THE European Union is ready to offer support to Pakistan as it struggles to tackle a range of domestic and foreign policy challenges, according to Catherine Ashton, the 27-nation bloc’s “high representative” for foreign and security policy. In comments made to Dawn ahead of her first-ever visit to Pakistan, Ashton said she wanted to underscore the importance of the EU-Pakistan relationship.
“This year marks the adoption of a major new engagement plan, and the start of a strategic dialogue as the EU-Pakistan relationship graduates to the next level,” she underlined.
The year also marks 50 years since the start of EU-Pakistan cooperation activities.
“Much has happened over these 50 years, but crucially two years ago, European leaders agreed to upgrade the EU-Pakistan link, shifting what has been a traditional, more trade-oriented relationship to one that is more political. My visit is part of implementing that upgrade - a fitting way to celebrate our milestone of cooperation.”Asked by this correspondent about Pakistan’s place in the EU’s Asia strategy, Ashton said Pakistan played a crucial role in helping the region overcome some of its security-related challenges as well as seizing the opportunities especially the economic opportunities -- that should be obvious to everyone.
“One of our key objectives for Asia is to help the countries of Southern and Central Asia to cooperate in the interests of their future security and prosperity. Which is why the EU is seeking to engage with Pakistan in a number of ways in the coming period,” she said.
She added: “We have recently proposed to the Pakistani authorities Action Plans to counter violent extremism and support rule of law and access to justice while a forthcoming visit to Islamabad by the European Commission will discuss how to tackle migration and organised crime.”
While some Western governments may see Pakistan through the Afghanistan prism rather than as a stand-alone priority for the EU, Ashton told Dawn that the EU believed it had an important relationship with Pakistan in its own right, going back over 50 years.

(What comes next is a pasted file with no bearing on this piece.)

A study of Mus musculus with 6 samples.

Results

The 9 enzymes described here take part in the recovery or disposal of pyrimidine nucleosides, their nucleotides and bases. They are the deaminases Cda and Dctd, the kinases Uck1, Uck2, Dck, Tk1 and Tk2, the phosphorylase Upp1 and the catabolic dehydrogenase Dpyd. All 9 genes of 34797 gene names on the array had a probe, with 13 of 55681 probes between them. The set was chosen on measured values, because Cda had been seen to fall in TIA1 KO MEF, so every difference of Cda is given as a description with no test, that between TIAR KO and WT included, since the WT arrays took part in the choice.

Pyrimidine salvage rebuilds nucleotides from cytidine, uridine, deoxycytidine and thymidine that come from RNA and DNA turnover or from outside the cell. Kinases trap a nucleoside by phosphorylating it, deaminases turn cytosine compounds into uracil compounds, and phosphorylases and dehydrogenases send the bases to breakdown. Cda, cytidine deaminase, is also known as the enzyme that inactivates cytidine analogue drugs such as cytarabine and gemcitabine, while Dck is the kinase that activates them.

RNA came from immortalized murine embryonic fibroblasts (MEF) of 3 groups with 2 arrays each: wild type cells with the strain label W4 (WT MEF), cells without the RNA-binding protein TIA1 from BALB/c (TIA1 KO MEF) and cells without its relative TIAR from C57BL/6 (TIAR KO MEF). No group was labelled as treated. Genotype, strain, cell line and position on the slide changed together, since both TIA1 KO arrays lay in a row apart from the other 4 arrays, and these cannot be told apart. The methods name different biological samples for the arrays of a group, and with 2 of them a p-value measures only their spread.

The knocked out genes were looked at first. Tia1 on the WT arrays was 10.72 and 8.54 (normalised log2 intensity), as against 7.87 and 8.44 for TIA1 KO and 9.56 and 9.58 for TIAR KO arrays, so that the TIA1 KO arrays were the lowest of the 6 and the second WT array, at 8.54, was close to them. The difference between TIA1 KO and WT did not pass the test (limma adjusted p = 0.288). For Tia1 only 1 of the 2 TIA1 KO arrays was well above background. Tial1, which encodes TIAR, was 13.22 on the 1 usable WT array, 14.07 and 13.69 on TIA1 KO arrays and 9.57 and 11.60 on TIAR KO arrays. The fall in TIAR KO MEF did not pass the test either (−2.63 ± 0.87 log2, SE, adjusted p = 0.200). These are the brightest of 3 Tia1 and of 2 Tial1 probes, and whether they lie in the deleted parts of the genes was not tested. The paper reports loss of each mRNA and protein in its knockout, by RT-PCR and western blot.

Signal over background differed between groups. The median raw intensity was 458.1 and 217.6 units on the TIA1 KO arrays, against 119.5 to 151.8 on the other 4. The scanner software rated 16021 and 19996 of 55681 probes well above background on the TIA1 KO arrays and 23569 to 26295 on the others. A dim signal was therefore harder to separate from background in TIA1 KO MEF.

“Whether the issue is our mutual security, the joint effort to tackle drug-trafficking, the drive to increase commerce or to meet the Millennium Development Goals, Europe's relationship with Pakistan is crucial,” she underlined.
“At the same time it is undeniable that Pakistan has an interest in and would benefit enormously from Afghanistan's stabilisation. It should be our common aim to promote a secure Afghanistan and a prosperous region as a whole. During my visit I will discuss with the Pakistani authorities the importance of everyone doing their utmost to facilitate the process of ensuring peace, security and development in Afghanistan.”
Looking ahead, Ashton said that she wanted the EU to develop a broader kind of relationship with Pakistan that also allows for a dialogue on a range of security issues.
“The EU is not just a trade partner, but is a policy partner. As part of our upgraded engagement with Pakistan, we are therefore focused on finding ways to collaborate on rule of law, counter-terrorism and counter—proliferation,” she insisted.
She added, however, that to ensure stability, “Pakistan must invest further in what I have called “deep democracy”: accountability, respect for the rule of law, and protection of human rights.
Elections are important, and civilian government is a prerequisite for democracy. But in themselves, these are insufficient conditions for democracy to be established and stability to develop.
As we have done before, the EU will continue to offer support in building a deeper Pakistani democracy.”
Asked about relations between Pakistan and India, Ashton said recent efforts to improve relations and the measures to liberalise trade between the two nations should go a long way to improve regional ties.
“It is very important that the rapprochement is supported by all stakeholders. Closer understanding between them is vital for the future of the region as a whole,” she said.
As regards EU-Pakistan trade relations, Ashton said the EU is Pakistan’s single largest trading partner, accounting for 22 per cent of Pakistan’s external trade.
“The EU has already taken the unprecedented step of obtaining a WTO waiver for Pakistan, following the dreadful floods, and this will help Pakistan gain greater access to our markets,” she said.
Ashton also said that Pakistan had already benefited substantially from the EU’s Generalised System of Preferences (GSP) for some years.
“Pakistan will have an opportunity to apply for the enhanced GSP+ preferences if the conditions for the new regime are met.
These conditions refer to international conventions on human rights, labour rights environment, and good governance.”